PHILADELPHIA (CBS) — The Southwest Airlines crew spoke for the first time together about last month’s deadly engine explosion that forced an emergency landing in Philadelphia on Wednesday.
About 20 minutes into what was supposed to be a normal flight from New York’s La Guardia Airport to Dallas, there was a loud noise and a sudden drop.
“We were passing through 32,000 feet, it was a nice day, everything was very normal, there was a loud bang, the airplane yalled to the left, kinda like a car and started to descend on its own,” said First Officer Darren Ellisor on CBS This Morning.
As the cabin lost pressure, the crew says their training kicked in. Perhaps most notably Capt. Tammie Jo Shults, who was one of the first female fighter pilots in the U.S. Navy.
“She has nerves of steel. That lady, I applaud her—I’m gonna send her a Christmas card, I’ll tell you that,” one passenger said after the emergency landing.
“I would just grab their hands even if I had to stretch over into a window seat. I would just look into some of their bloodshot eyes and say, ‘Look at me, we’re going to be okay, we’re going to make it, we’re going to Philadelphia,’” flight attendant Rachel Fernheimer recalled saying.
Despite their efforts, one passenger did not make it. Jennifer Riordan, a married mother of two from New Mexico, died of blunt force trauma after being partially sucked out of the plane.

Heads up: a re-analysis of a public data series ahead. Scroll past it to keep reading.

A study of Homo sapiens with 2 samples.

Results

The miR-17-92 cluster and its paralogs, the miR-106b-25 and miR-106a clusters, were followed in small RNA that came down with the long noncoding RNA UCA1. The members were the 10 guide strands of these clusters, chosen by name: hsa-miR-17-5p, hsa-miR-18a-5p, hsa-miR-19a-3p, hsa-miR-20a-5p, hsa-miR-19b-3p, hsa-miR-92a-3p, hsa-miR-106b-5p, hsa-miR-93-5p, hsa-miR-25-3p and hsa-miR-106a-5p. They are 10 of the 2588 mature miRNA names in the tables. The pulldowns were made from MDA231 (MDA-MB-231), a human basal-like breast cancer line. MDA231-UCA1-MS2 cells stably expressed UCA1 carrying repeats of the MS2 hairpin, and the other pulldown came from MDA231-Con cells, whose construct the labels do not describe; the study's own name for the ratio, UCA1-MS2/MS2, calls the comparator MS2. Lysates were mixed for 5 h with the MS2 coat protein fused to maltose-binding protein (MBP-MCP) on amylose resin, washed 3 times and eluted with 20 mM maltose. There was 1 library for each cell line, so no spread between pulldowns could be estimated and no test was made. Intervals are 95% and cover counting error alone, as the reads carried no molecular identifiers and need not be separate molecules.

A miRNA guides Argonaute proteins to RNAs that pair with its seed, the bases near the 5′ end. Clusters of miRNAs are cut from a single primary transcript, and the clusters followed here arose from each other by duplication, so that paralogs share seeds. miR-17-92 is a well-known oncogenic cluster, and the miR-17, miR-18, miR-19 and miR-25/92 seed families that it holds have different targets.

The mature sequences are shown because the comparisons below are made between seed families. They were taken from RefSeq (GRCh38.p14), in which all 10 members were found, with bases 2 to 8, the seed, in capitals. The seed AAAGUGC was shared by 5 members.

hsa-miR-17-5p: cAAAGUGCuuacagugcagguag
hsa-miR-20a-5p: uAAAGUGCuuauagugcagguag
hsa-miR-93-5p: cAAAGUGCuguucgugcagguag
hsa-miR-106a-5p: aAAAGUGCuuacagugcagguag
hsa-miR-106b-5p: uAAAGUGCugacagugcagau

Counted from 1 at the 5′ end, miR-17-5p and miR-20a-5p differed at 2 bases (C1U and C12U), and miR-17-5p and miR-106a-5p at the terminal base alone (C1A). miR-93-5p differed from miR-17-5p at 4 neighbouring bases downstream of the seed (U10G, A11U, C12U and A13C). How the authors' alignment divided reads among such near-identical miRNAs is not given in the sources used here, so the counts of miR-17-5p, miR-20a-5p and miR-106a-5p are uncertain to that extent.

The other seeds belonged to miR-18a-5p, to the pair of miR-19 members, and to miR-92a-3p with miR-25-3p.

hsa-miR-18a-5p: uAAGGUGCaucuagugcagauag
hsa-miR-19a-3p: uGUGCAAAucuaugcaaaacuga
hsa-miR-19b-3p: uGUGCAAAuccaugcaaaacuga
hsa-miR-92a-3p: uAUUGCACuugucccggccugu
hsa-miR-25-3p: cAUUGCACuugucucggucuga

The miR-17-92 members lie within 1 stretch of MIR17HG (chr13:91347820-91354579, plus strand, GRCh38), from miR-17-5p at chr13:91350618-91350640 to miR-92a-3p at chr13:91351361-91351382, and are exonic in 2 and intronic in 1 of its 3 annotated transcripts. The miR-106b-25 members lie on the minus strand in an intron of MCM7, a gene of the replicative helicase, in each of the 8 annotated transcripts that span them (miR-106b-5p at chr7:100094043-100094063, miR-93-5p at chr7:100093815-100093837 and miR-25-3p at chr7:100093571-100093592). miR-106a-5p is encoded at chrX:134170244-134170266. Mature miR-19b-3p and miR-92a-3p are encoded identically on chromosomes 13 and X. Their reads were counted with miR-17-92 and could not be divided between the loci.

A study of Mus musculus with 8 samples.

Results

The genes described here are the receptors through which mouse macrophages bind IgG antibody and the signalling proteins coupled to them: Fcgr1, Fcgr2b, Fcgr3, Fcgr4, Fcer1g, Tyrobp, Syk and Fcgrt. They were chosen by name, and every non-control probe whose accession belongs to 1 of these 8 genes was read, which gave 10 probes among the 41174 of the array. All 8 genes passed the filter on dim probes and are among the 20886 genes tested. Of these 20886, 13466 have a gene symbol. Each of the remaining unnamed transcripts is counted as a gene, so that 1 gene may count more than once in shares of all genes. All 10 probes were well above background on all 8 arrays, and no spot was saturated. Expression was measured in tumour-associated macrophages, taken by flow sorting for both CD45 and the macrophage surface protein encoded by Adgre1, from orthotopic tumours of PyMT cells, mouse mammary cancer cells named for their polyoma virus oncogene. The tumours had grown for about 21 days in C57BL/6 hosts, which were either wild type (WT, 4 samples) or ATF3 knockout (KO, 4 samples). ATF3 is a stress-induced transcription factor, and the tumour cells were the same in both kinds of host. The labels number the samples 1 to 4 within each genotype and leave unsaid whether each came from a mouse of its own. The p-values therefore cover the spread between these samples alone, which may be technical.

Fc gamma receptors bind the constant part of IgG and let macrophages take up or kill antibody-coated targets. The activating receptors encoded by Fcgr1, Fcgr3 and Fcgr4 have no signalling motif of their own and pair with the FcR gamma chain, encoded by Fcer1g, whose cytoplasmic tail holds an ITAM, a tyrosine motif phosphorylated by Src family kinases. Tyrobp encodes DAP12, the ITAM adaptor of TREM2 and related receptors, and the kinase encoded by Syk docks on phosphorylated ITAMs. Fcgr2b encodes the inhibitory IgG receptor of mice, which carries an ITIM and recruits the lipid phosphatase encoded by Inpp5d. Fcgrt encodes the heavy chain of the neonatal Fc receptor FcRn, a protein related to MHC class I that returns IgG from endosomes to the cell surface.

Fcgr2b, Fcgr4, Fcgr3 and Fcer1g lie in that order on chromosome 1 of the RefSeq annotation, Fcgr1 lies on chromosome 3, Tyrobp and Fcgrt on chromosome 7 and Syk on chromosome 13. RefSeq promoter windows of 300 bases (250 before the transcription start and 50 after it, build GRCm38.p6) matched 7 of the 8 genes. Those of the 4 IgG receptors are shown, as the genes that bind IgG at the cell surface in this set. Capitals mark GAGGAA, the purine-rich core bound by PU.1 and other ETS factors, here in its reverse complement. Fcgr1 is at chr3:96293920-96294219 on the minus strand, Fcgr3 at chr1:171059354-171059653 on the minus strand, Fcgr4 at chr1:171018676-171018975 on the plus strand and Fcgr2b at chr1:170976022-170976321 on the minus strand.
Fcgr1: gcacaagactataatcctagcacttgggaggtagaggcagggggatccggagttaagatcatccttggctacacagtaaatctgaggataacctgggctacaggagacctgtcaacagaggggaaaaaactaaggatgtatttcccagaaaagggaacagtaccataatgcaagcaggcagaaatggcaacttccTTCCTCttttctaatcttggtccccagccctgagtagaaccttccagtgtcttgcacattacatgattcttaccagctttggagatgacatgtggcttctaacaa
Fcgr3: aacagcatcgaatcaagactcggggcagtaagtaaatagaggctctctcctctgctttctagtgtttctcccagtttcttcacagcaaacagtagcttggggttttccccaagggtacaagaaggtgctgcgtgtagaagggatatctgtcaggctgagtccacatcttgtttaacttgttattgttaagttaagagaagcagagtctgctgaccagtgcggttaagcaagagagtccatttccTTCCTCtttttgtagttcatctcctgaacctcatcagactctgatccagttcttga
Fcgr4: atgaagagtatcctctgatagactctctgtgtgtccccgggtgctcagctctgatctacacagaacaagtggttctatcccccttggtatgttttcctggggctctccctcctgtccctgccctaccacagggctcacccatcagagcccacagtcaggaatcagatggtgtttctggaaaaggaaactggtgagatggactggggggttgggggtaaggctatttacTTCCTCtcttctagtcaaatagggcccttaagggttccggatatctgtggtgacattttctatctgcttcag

“The survival of 148 never eclipses the loss of one and just from a viewpoint of looking in, she seemed like a woman with a profile of just being beautiful and in her priorities and the way she invested in her work—I think she left a beautiful legacy,” Shults said.
Flight 1380 was the first time that crew flew together. Before getting on the plane, they chatted briefly about their families and their faith.
“We came together beforehand and we talked about God. Not knowing what was going to happen minutes later, God had already prepared us,” said flight attendant Seanique Mallory.
A preliminary finding determined a fatigued engine blade snapped, causing the plane’s engine to tear apart.
Southwest Airlines says it has now finished inspecting all of its engine fan blades and have found no signs of fatigued blades.
The NTSB is still investigating the engine failure.